With speculation that he will run for president reaching a head-spinning frenzy, Gov. Chris Christie made a speech at the Reagan Library in Simi Valley in which he blasted the Obama administration for being little more than a “bystander in the Oval Office.”
Different Republicans take up different pieces of the Reagan mantle–the sunny optimism, or the tax-cutting conservatism, or the Cold War hawk–and in his speech Christie harps on Reagan’s blunt dealings with striking air traffic controllers.
Everybody in this room and in countless other rooms across this great country has his or her favorite Reagan story. For me, that story happened thirty years ago, in August 1981. The air traffic controllers, in violation of their contracts, went on strike. President Reagan ordered them back to work, making clear that those who refused would be fired. In the end, thousands refused, and thousands were fired.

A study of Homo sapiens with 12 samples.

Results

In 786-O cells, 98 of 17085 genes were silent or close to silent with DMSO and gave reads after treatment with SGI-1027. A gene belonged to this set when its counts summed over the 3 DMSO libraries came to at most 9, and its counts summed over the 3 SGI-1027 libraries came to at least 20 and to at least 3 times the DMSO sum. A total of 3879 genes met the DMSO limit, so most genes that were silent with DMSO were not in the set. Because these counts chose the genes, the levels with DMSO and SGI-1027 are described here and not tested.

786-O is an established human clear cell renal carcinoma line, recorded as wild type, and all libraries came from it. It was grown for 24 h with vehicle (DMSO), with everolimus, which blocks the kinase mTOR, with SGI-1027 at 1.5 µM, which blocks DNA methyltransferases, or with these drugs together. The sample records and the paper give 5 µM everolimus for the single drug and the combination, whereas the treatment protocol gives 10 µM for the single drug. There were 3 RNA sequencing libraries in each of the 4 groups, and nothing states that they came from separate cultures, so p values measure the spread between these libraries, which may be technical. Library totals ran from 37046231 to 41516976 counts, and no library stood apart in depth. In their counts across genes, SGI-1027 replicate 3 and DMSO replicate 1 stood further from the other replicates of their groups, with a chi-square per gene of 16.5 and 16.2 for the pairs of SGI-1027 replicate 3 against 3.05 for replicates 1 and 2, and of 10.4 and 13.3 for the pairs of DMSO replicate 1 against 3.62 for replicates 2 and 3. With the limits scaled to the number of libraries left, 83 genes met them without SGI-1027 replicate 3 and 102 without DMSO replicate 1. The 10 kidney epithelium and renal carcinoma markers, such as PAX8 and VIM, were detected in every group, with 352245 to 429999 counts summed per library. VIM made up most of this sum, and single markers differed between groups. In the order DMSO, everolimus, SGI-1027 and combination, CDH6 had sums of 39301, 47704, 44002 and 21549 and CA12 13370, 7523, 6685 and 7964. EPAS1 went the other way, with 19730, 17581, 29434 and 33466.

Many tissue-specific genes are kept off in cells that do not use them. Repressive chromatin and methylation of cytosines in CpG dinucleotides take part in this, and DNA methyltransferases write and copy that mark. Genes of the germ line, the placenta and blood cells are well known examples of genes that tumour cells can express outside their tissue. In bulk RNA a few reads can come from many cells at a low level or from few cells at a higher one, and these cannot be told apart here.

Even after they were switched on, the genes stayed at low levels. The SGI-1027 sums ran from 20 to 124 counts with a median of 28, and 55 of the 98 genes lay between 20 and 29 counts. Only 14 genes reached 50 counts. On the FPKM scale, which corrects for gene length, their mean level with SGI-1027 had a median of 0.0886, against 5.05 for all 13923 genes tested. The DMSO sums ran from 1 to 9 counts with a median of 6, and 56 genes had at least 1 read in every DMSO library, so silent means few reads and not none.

I cite this incident not as a parable of labor relations but as a parable of principle. Ronald Reagan was a man who said what he meant and meant what he said. Those who thought he was bluffing were sadly mistaken. Reagan’s demand was not an empty political play; it was leadership, pure and simple.
Reagan said it best himself, “I think it convinced people who might have thought otherwise that I meant what I said. Incidentally, I would have been just as forceful if I thought management had been wrong in the dispute.”
I recall this pivotal moment for another reason as well. Most Americans at the time and since no doubt viewed Reagan’s firm handling of the PATCO strike as a domestic matter, a confrontation between the president and a public sector union. But this misses a critical point.
To quote a phrase from another American moment, the whole world was watching.
The timing and substance of the speech is likely to spur speculation that Christie is indeed running for president.
Take a look and render your own judgment.